Celebrate the amazing women who have made history with non-fiction books.
From scientists to historians, this women’s history month we’re taking a look at women’s remarkable achievements through non-fiction books. In honour of this amazing month, BAZAAR has put together a list of books about compelling women who have blazed trails and challenged the status quo. Celebrate the strong and remarkable women who have pushed boundaries, affected change, and made history with these powerful non-fiction reads.
Hidden Figures: The American Dream and the Untold Story of the Black Women Mathematicians Who Helped Win the Space Race
By Margot Lee Shetterly
By Michelle Obama
In a life filled with meaning and accomplishment, Michelle Obama has emerged as one of the most iconic and compelling women of our era. As First Lady of the United States of America—the first African American to serve in that role—she helped create the most welcoming and inclusive White House in history, while also establishing herself as a powerful advocate for women and girls in the U.S. and around the world, dramatically changing the ways that families pursue healthier and more active lives, and standing with her husband as he led America through some of its most harrowing moments.
In her memoir, a work of deep reflection and mesmerising storytelling, Michelle Obama invites readers into her world, chronicling the experiences that have shaped her—from her childhood on the South Side of Chicago to her years as an executive balancing the demands of motherhood and work, to her time spent at the world’s most famous address. With unerring honesty and lively wit, Becoming is the deeply personal reckoning of a woman of soul and substance who has steadily defied expectations—and whose story inspires us to do the same.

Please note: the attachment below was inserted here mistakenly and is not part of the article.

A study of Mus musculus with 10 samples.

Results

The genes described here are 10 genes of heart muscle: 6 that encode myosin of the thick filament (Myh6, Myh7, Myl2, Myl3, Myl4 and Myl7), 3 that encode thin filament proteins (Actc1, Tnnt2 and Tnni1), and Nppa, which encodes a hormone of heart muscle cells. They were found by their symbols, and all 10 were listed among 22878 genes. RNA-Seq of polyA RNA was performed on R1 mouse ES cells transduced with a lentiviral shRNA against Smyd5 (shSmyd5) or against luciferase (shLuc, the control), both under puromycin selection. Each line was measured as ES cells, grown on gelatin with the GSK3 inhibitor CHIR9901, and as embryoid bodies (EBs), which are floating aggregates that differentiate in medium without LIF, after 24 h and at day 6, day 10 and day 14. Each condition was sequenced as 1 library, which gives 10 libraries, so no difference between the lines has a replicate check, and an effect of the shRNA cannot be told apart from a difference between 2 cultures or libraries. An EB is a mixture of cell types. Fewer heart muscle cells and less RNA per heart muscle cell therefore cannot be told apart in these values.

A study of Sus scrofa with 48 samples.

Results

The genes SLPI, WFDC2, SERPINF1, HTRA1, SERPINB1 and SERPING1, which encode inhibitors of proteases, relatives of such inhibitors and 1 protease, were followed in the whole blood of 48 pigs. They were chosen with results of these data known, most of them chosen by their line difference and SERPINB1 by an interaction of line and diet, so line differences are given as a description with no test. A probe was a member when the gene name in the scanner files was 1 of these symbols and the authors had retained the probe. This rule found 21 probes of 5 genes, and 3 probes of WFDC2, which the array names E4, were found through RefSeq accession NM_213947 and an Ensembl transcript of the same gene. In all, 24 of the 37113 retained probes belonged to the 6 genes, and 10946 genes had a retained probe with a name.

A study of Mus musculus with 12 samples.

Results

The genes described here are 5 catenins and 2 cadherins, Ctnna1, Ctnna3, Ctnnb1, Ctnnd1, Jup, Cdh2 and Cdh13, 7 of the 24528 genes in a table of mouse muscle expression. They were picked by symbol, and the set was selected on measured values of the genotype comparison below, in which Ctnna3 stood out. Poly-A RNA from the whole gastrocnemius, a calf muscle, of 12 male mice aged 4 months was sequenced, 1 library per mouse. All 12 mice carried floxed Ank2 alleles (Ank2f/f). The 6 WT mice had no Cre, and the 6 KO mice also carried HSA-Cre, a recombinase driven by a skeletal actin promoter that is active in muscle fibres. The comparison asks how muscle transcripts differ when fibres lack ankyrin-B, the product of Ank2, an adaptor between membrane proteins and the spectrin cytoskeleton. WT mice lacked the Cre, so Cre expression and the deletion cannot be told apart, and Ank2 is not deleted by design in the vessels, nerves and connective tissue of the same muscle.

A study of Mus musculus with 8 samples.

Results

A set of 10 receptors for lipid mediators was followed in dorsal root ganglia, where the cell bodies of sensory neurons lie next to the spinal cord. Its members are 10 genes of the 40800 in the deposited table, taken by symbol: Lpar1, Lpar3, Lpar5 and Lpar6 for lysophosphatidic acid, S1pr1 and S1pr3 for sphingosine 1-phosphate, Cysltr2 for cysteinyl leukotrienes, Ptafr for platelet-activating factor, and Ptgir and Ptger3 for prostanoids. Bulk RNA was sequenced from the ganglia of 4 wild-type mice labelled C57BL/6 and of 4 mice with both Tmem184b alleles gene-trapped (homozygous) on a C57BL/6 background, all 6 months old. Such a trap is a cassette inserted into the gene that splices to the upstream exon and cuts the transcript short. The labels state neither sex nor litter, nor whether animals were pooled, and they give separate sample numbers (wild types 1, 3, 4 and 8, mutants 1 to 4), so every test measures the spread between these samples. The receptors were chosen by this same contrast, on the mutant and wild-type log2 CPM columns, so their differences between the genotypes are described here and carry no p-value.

By Tara Westover
Educated is an account of the struggle for self-invention. It is a tale of fierce family loyalty and of the grief that comes with severing the closest of ties. With the acute insight that distinguishes all great writers, Westover has crafted a universal coming-of-age story that gets to the heart of what an education is and what it offers: the perspective to see one’s life through new eyes and the will to change it.
I Am Malala: The Story of the Girl Who Stood Up for Education and Was Shot by the Taliban
By Malala Yousafzai
One of the best non-fiction books, I Am Malala is the remarkable tale of a family uprooted by global terrorism, of the fight for girls’ education, of a father who, himself a school owner, championed and encouraged his daughter to write and attend school, and of brave parents who have a fierce love for their daughter in a society that prizes sons.
Crying in H Mart
By Michelle Zauner
This is a memoir about growing up Korean American, losing her mother, and forging her own identity. Michelle Zauner tells of growing up one of the few Asian American kids at her school in Eugene, Oregon; of struggling with her mother’s particular, high expectations of her; of a painful adolescence; of treasured months spent in her grandmother’s tiny apartment in Seoul, where she and her mother would bond, late at night, over heaping plates of food.